WreckerThere’s something incredibly entertaining about watching characters beings challenged until they fight back. Films that utilize that familiar but refreshing character arc tend to be quite a lot of fun, and when done right, offer their viewers with stories and characters that are easy to go on a journey with. Unfortunately, there’s also the flip-side to that coin, and Micheal Bufaro’s WRECKER most definitely fits into that area.

Heading towards a much needed getaway, best friends Emily and Leslie are driving fast and stocked up on “two bags of weed.” Emily is the more passive of the two, and lets her cheating boyfriend back home walk all over her, something that the more free-spirited Leslie responds to with telling Emily that she needs to toughen up. En route to their destination, they piss off the wrong trucker, and so begins the film (actually there’s about 15 minutes or so before the truck even appears). Emily is reserved about dealing with the vicious highway killer but Leslie responds with throwing a bottle at the truck, making matters worse and giving the film’s viewers yet another reason to really despise every single character in the films.

WRECKER suffers from the fact that we’ve all seen its plot before, whether it be in Spielberg’s DUEL or the opposite end of the spectrum, the highly addictive JOY RIDE 3. There’s nothing with having a little fun with these types of films, and as previously stated above, it’s great to follow characters in these films if done right. By the time the faceless truck driver appears (we never see who’s driving the truck, but we’re shown pentagrams and inverted crosses hanging inside of it), the film has already alienated its audience by failing to give us any likable or even remotely interesting characters. The dialogue feels forced, the duo being chased screams at the truck one second (while inside of their car so it’s not like the driver hears them whatsoever) and walks away from it the next.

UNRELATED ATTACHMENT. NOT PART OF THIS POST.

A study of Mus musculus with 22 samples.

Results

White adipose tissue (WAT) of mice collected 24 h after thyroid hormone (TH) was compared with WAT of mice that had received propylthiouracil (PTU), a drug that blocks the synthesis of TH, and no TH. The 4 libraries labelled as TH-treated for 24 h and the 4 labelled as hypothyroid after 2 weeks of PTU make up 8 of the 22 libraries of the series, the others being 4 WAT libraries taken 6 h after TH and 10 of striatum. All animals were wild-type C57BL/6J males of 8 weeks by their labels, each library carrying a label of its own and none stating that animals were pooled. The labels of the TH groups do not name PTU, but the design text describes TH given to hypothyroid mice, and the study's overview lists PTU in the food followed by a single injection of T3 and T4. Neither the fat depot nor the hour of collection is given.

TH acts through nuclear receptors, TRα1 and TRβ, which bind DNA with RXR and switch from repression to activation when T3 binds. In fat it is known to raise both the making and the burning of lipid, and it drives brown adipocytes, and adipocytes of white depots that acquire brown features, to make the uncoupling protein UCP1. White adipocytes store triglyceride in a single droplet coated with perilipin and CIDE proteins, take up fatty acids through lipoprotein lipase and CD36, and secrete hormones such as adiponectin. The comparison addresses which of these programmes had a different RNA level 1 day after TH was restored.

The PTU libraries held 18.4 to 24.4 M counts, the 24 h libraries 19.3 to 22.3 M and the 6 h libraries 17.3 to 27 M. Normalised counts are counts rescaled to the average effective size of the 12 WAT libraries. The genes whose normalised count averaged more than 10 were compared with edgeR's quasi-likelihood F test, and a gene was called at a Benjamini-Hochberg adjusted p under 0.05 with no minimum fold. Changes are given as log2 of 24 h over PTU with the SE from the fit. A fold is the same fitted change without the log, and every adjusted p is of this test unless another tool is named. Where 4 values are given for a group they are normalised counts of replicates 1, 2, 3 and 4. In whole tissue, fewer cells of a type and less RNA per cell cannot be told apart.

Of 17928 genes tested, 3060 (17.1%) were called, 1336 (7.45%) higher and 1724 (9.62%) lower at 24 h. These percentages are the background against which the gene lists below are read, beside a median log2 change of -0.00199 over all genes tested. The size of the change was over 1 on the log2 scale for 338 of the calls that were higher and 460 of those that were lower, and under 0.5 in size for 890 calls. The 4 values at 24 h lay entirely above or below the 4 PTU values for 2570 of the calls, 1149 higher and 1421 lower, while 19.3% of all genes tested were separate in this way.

It’s the lack of continuity that ultimately kills the film, making it hard to sit through, let alone enjoy. Shots don’t feel like they’re supposed to follow any sort of order, the nearby land being flat and desolate one second and a cliff with a city in the background the next. When you have a film that offers up two protagonists you don’t like, a lack of anything to latch onto or hell, even a single death scene that doesn’t result in just an actor laying on the street with blood coming out of his mouth (after being hit at top speed by the truck), then it’s already lost its viewer with poor execution. Even with those obvious mistakes, the film could have been halfway decent, had there not been scenes lifted by better films. If you’ve seen DUEL, then you’ve not only seen this film’s finale, but also a scene in which the film’s protagonist stops somewhere and sees the truck outside, causing said protagonist to wonder which surrounding character is the guy behind the wheel. Been there, done that, bought the shirt. Pass.